HUNDREDS turned out on Sunday morning for a service of remembrance for those who made the ultimate sacrifice in the name of their country.

Under a bright autumn sky, it was the service medals, worn with pride by veterans and serving military personnel, and the blood red poppies of remembrance that gave colour to the crowd gathered around Alton’s Cairn War Memorial.

They were there to remember all those who had given their lives during the Great War, the Second World War, and the many conflicts thereafter, in the name of peace, justice and freedom.

Many have their names recorded “lest we forget” on war memorials around the country, but some remain unknown.

It was “the simple red, vibrant poppy” that took centre stage in the address, delivered this year by the Reverend Andrew Micklefield, vicar of the Parish of the Resurrection, who began by recalling the stage directions for the last ever scene in the last ever episode of the Blackadder TV comedy series in which Captain Blackadder led his company over the top in the First World War.

With explosions all around them, the soldiers disappeared into a Flanders field. Accompanied by the haunting rendition of the theme tune the colour fades away, to be hesitantly replaced by a field of vibrant red: the red of the Flanders poppy that “speaks across generations of sacrifice and remembrance” and yet speaks of life, ongoing, “a symbol of hope and resurrection”.

The ceremony had begun with an impressive parade, overseen by parade master Sergeant Tom Bagley of 613 Alton Squadron of the Air Training Corps.

Led by Royal British Legion outriders on their poppy-bedecked motorbikes, the parade gathered in the Market Square before marching down Market Street and up the High Street, to the rallying beat of the drums and bugles of the Alton Boys’ Brigade Band. They were followed by the Union flag, and the standards of the Royal British Legion and the RAF Association, the Army and Air Force cadets, members of the emergency services and hundreds of children, attached to the uniformed youth groups of the town.

They were welcomed at the Cairn by a swelling crowd of wellwishers, by the music of the Salvation Army Band, by the voices of the St Lawrence Church Choir, and by Rev Micklefield who, in setting the scene, asked his congregation to remember not just the fallen but those who were injured and traumatised, whether they be military or civilians caught up in the conflicts.

He was supported by Reverend Chris Bradish, who led the prayers, and Liz George, lay worker from the Methodist Church, who delivered the lesson.

Following the reading and the address, the flags were dipped before the war memorial for the two-minute silence, only roused by the wailing of the siren for the laying of the wreaths.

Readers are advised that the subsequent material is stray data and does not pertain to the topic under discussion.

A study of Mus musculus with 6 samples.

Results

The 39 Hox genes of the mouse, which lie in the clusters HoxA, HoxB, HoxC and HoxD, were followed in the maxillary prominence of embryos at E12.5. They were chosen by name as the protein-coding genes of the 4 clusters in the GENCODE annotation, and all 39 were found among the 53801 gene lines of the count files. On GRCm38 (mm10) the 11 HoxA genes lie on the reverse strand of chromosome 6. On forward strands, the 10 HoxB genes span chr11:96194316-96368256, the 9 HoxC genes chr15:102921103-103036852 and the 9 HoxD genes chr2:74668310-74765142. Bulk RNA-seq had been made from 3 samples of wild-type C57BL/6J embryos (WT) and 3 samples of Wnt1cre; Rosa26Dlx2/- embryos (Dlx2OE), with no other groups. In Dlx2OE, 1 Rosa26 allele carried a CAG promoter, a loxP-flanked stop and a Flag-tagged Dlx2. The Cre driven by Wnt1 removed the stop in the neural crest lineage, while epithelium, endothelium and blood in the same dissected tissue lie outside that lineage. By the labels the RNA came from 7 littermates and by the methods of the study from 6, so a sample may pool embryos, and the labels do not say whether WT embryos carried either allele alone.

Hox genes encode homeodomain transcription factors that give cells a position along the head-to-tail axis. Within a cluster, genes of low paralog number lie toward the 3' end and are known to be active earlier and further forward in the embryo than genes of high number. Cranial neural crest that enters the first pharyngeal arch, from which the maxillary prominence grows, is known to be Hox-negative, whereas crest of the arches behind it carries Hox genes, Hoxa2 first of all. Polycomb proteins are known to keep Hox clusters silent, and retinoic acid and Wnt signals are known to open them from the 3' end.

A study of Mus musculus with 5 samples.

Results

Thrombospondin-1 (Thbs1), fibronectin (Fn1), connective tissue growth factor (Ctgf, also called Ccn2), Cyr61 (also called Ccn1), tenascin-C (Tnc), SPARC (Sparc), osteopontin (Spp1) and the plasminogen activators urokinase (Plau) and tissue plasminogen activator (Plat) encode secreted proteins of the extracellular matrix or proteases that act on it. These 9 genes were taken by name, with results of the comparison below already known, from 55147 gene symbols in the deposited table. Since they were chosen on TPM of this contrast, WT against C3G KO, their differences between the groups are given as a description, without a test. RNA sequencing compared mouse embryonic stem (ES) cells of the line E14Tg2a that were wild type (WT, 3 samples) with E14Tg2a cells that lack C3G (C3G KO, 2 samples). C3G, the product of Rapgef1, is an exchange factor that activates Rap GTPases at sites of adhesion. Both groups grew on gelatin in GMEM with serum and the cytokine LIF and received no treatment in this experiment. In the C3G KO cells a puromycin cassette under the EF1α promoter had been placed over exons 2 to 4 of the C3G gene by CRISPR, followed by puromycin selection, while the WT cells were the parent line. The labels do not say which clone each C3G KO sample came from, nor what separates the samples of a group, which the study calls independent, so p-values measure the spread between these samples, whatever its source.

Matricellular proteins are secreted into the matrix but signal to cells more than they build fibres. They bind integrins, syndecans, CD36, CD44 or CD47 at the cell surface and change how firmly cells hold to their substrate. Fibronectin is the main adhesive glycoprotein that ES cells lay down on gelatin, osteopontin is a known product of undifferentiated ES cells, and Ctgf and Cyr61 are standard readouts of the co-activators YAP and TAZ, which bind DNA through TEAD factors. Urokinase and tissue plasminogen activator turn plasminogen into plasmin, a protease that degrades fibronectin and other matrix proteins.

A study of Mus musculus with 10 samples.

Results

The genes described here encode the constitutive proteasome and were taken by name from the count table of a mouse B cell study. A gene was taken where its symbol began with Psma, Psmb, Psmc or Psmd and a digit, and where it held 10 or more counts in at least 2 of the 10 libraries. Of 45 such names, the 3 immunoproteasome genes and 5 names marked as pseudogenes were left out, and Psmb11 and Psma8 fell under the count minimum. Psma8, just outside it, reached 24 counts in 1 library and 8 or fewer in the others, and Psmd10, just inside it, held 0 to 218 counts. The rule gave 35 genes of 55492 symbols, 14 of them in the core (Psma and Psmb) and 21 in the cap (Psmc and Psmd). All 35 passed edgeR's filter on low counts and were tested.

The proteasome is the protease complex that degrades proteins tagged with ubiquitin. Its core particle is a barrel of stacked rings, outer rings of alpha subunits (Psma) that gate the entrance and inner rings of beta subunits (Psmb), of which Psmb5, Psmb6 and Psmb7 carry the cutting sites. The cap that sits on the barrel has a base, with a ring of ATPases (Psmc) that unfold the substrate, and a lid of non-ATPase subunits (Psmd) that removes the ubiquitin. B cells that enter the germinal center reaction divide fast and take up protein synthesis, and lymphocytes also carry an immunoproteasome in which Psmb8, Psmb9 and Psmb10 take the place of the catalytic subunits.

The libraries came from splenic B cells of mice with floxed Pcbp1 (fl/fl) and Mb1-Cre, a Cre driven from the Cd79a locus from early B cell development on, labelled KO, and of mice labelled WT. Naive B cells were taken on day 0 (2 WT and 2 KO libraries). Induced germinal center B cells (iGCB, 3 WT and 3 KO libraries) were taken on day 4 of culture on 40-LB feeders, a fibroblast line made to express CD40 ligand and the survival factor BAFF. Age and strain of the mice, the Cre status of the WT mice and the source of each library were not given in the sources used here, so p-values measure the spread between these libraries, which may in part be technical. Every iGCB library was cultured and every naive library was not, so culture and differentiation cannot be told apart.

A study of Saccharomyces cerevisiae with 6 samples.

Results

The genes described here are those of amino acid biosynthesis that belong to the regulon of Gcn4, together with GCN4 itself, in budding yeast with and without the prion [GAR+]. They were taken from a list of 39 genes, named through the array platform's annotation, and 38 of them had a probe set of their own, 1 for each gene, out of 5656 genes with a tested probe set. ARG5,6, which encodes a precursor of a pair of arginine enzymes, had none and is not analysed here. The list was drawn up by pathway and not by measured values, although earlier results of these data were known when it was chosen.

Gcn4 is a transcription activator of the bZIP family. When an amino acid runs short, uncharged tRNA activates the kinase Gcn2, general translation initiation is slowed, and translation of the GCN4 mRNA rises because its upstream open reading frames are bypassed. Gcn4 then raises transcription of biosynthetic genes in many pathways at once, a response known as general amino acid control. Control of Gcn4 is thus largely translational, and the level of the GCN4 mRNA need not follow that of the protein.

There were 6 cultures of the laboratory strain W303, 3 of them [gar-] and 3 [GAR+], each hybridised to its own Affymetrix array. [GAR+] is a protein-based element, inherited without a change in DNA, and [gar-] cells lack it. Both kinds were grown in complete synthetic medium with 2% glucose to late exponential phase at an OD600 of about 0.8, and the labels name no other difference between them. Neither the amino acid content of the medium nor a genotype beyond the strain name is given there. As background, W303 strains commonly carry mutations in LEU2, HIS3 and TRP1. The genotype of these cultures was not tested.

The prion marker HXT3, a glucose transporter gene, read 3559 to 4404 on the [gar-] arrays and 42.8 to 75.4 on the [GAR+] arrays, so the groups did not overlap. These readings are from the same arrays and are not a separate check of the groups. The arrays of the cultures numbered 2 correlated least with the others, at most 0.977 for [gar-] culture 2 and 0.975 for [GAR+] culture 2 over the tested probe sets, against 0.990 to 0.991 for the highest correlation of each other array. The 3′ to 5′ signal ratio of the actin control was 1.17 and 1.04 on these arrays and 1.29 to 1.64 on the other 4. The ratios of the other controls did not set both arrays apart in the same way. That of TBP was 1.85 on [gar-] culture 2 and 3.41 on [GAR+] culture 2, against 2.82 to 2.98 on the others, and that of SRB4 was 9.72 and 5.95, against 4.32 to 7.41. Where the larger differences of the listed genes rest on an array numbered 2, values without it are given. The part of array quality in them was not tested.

Announced by Gill Thorne, they were led by Alton mayor Matthew Bayliss, who laid a wreath on behalf of Alton Town Council. He was followed on behalf of East Hampshire District Council by Glynis Watts; on behalf of Hampshire County Council by Andrew Joy; Damian Hinds MP: the family of Ernest George Horlock VC; by family and friends; by officers of the Royal Navy, the Merchant Navy, the Royal Marines Association, and the RAF; of the Royal Hampshire Regiment and the Royal Air Force Association: and by ex-servicemen representing the Alton branch of the Royal British Legion, the RBL Club and the RBL Riders.

There were wreaths laid too by representatives of Hampshire Constabulary, Hampshire Fire and Rescue and South Central Ambulance Service; the Salvation Army, the Quakers, and St John Ambulance; Alton Masonic Centre, Alton Rotary Club, the Alton Community Association, Alton Lions, Alton Chamber of Commerce and Industry, the Mid Hants Railway, Alton WI, Alton Townswomen’s Guild, and Alton Conservative Club; the Army Cadets, the Air Training Corps, the Boys and Girls Brigade, the Scouts Association, Guides Association, Eggar’s School, Amery Hill School, Alton Convent, Alton College, Alton Football Club, and Manor Colts Football Club.

To mark the occasion, schoolchildren then laid poppy crosses for each of the men named on the war memorial who lost their lives during the Great War in 1916.

As the two long buglers, Major Neil Woolacott of the Salvation Army and student Nick Budd, delivered the haunting sound of The Last Post, the standards were lowered, and RBL member Bob Graham read a poignant poem from the conflict in Afghanistan. He then stood before the Cairn to read the Kohima Epitaph followed by the Legion exhortation. Reveille sounded, the standards were hoisted, and voices raised for the rallying hymn ‘Praise, my soul, the King of Heaven’.

The blessing was given by Rev Micklefield and was followed by a rousing rendition of the national anthem.

The parade then departed, back down the hill to the Market Square, led by the Band of the Boys’ Brigade and the Royal British Legion standard bearers, all accompanied by the sound of spontaneous applause.